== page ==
Taking time off for the holidays, the crew of the International Space Station is preparing for a busy start to the new year, with the arrival of a SpaceX cargo ship next week and three U.S. spacewalks in February to begin work needed to add docking ports for new commercial crew ships.
Space station commander Barry "Butch" Wilmore celebrated his 52nd birthday Monday, enjoying gifts from his crewmates, including a bag of Reese's Pieces candy from flight engineer Terry Virts, and congratulatory notes from flight controllers around the world.
While there is no champagne on board to celebrate the New Year holiday in space, "we'll break open a grapefruit juice or tropical punch, whatever we have on board," Wilmore told CBS News Tuesday in a space-to-ground interview.
"And the birthday yesterday was very special, my crewmates made it very special for me, mission controls across the globe made it very special, they actually sang to me, sent me some cards, so it was a great day. Great and very memorable."
Floating in the U.S. segment of the station, joined by European Space Agency astronaut Samantha Cristoforetti, Wilmore said his New Year's resolution was to pay more attention to experiment instructions and procedures to avoid mistakes.
"One thing you think about constantly is, don't let me mess this up!" he said. "Because there are people on the ground who put a lot of effort into getting it up here and we don't want to be the ones to mess it up. So my New Year's resolution is to try to pay better attention to every step of every procedure so we get it all right."
Launched Sept. 25, Wilmore, a shuttle veteran, has spent the past three-and-a-half months aboard the station. Cristoforetti, making her first spaceflight, arrived Nov. 23. She said her New Year's resolution is to spend more time shooting video to share the experience of spaceflight with the public.
One aspect of spaceflight that is difficult to share is the sensation of weightlessness. While she expected spectacular views of Earth, Cristoforetti said living in microgravity was much more thrilling than she anticipated.
"Lots of people tell you haw wonderful it is to view Earth from the window, and it is," she said. "I would not say that's been a surprise, because I was expecting it to be magnificent. I guess what I did not expect was how much I enjoy floating.
"I just love it, I just love to float, to be able to move in three dimensions, to let my body completely relax, to be able to have dinner on the ceiling if I want, to work on a wall or bounce off another wall. I never expected that to be so incredibly enjoyable."
The station crew faces a busy start to the new year with launch of a SpaceX Dragon cargo ship Jan. 6. If all goes well, the automated cargo craft will pull up to within about 30 feet of the station next Thursday and then stand by while Wilmore, operating the lab's robot arm, locks onto a grapple fixture. Flight controllers then will maneuver the capsule into position for berthing at the Earth-facing port of the forward Harmony module.
Wilmore and Virts, assisted by Cristoforetti, then will prepare for three spacewalks in February to install cabling needed by new docking mechanisms that will be installed later to enable linkups by Boeing and SpaceX spacecraft scheduled to begin crew ferry flights in 2017.
In March, astronaut Scott Kelly and cosmonaut Mikhail Kornienko will blast off aboard a Soyuz spacecraft to begin a one-year stay aboard the station. While four cosmonauts logged flights longer than one year between 1987 and 1999, the upcoming flight will be a first for the international lab complex.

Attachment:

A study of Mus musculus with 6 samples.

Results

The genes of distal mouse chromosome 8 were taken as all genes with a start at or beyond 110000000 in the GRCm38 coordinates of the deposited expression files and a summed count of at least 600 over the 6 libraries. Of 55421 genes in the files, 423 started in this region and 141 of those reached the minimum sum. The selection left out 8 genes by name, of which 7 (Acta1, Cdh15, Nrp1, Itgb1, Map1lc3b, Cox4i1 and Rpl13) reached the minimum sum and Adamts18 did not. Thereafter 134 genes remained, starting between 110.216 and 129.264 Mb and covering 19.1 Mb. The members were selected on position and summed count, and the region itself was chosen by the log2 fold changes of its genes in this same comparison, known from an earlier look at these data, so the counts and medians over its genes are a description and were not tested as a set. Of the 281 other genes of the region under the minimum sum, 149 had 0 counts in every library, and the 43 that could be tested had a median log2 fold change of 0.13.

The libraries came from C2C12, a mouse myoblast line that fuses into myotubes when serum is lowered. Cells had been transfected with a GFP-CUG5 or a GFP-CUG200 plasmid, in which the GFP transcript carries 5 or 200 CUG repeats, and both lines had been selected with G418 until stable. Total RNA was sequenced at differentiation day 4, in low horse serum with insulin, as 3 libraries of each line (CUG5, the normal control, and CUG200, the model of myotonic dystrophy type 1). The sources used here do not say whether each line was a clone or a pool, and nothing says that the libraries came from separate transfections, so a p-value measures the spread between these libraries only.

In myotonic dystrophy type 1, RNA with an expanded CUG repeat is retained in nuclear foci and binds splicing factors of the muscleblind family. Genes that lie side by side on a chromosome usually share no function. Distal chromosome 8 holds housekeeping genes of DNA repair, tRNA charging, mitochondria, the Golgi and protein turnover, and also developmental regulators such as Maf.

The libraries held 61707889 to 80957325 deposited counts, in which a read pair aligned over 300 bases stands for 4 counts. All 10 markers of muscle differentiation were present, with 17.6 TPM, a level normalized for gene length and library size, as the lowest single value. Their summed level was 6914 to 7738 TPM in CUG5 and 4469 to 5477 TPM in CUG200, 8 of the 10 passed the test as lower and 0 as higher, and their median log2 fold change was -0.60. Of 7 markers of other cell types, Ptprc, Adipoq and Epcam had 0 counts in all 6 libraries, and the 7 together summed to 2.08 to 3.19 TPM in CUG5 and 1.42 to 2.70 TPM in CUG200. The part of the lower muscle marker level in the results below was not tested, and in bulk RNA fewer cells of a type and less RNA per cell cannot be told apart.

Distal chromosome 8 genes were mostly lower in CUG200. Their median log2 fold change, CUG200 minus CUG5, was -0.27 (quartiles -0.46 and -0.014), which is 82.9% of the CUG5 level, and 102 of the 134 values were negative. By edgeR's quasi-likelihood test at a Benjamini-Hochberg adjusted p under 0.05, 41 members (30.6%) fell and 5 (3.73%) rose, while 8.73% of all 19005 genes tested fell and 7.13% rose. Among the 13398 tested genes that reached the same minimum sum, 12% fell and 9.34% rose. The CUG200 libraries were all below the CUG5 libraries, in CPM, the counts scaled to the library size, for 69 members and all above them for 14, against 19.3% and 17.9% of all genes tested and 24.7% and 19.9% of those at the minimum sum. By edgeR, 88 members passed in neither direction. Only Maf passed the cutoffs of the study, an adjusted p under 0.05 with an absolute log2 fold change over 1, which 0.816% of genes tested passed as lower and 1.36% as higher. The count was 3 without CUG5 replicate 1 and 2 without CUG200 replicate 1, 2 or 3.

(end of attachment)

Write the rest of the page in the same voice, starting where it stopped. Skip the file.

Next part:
During the course of their extended stay in space, Kelly and Kornienko will serve as test subjects for a battery of experiments to learn more about how the space environment affects human physiology, data crucial for planning eventual long-duration flights to Mars.
Wilmore said Kelly and Kornienko will need to pace themselves because "this is a marathon."
"You've got to pace yourself. I mean, you could literally work yourself to death, there's so much to do, you could work 24 hours a day and never get everything done. So you definitely have to think ahead, pace yourself, maybe a couple of three-day weekends thrown in there would be nice for those guys."
Cristoforetti said the station is more than roomy enough for a long-duration visit -- she called it a "complex, big, grand, huge facility" -- but staying healthy could be a challenge.
"We have plenty of space up here," she said. "We're obviously respectful of each other's private space, and there is enough space to find your own private space if you need it. So I wouldn't be concerned about that.
"What I definitely hope for them is they stay healthy for a full year. This can be a challenging environment to stay healthy on a long term. We don't have a lot of experience yet, and that's the whole point. It might be a challenge for them to really stay at the top of their health for a whole year. So that's my best wish for them, just to stay healthy."
One thing they won't have to worry about is getting a good night's sleep. In an earlier interview with the BBC, Cristoforetti said sleeping in microgravity was especially restful.
"I sleep great up here, it's the best sleep I've ever had in my life," she said. "People have different preferences. But personally, I just love to sleep in a sleeping bag, and I just love to leave it floating. Each of us has a little cabin, it's about the size of the old phone booths for those who are old enough to remember those, and I just let myself float in there."
While she might bounce off the walls a few times during the night, "it's very gentle bouncing, it does not wake me up at all, and that feeling of just having my body completely relaxed and no pressure on any side of my body is just wonderful. I just love it."